I just wanted to add in regarding static/dynamic...
Static types prefer to focus on what's relatively stable or consistent.
Dynamic types more easily focus on changes and interactions.
(note, this doesn't mean that one does or doesn't prefer changes in their own lives; also, DS and HA does play a large role in how one regards changes in lives/situations/environment)
Static types can more easily jump from node to node to node where there's seemingly no connection or very few connections between the nodes.
Dynamic types treat those nodes as if they must all be related together somehow.
(often leading to confusion during conversations)
Dynamic types constantly bring up how 'this is related to that which is related to that other which is related to this other...you can't forget that' or 'if you talk about this, then you can't separate it from these other things, you can't treat it in isolation'.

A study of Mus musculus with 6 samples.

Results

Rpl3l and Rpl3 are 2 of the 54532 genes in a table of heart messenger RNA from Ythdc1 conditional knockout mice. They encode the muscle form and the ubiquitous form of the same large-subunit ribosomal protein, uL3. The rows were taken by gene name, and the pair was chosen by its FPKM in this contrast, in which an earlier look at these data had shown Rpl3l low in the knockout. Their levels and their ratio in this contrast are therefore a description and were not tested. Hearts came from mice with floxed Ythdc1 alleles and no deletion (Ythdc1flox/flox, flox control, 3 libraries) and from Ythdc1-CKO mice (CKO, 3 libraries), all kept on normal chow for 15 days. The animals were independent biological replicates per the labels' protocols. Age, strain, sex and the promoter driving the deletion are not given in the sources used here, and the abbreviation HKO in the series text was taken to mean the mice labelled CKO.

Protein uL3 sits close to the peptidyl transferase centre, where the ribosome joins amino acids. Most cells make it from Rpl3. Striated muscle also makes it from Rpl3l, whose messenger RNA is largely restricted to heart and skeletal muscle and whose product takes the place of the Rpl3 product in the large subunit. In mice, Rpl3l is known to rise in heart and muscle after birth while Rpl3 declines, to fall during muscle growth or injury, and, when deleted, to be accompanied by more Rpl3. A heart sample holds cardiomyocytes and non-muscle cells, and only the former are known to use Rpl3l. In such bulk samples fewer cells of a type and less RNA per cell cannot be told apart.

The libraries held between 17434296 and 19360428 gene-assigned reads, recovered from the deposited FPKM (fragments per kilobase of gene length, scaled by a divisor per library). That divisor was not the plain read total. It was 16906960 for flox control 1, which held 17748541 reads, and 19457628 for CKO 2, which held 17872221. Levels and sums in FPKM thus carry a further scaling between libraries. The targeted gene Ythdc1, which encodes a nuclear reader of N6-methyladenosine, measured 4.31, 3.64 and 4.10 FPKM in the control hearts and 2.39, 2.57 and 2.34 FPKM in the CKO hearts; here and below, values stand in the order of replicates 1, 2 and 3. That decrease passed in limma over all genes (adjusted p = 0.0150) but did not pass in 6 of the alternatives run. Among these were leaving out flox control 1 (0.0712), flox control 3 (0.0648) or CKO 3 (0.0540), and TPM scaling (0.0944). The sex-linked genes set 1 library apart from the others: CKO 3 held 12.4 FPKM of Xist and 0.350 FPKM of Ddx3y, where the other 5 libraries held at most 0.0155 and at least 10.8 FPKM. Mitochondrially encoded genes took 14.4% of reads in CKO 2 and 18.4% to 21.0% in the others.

Static types might often wish that the dynamic type would just stop bringing up all that other stuff and talk about this one thing.
An example of this is that static types find it easier to talk about the socionics elements in isolation. The static type recognizes and acknowledges that the elements don't work alone, but it doesn't stop them from talking about an element as separate from the other elements.
While a dynamic type is more likely to get frustrated by such talk..pffft the elements all interact with each other, they influence each other, you can NOT talk about them as if they don't!!
This often leads to arguments where the static type is trying to define or describe an element or something, and the dynamic type bitches at them for treating it as if it's an isolated thing. The static type isN'T saying that the element IS isolated and doesn't interact, they aren't even trying to suggest that. Often they are assuming that the reader is already aware that the elements interact with each other. But it doesn't mean they can't talk about the node..the element...itself.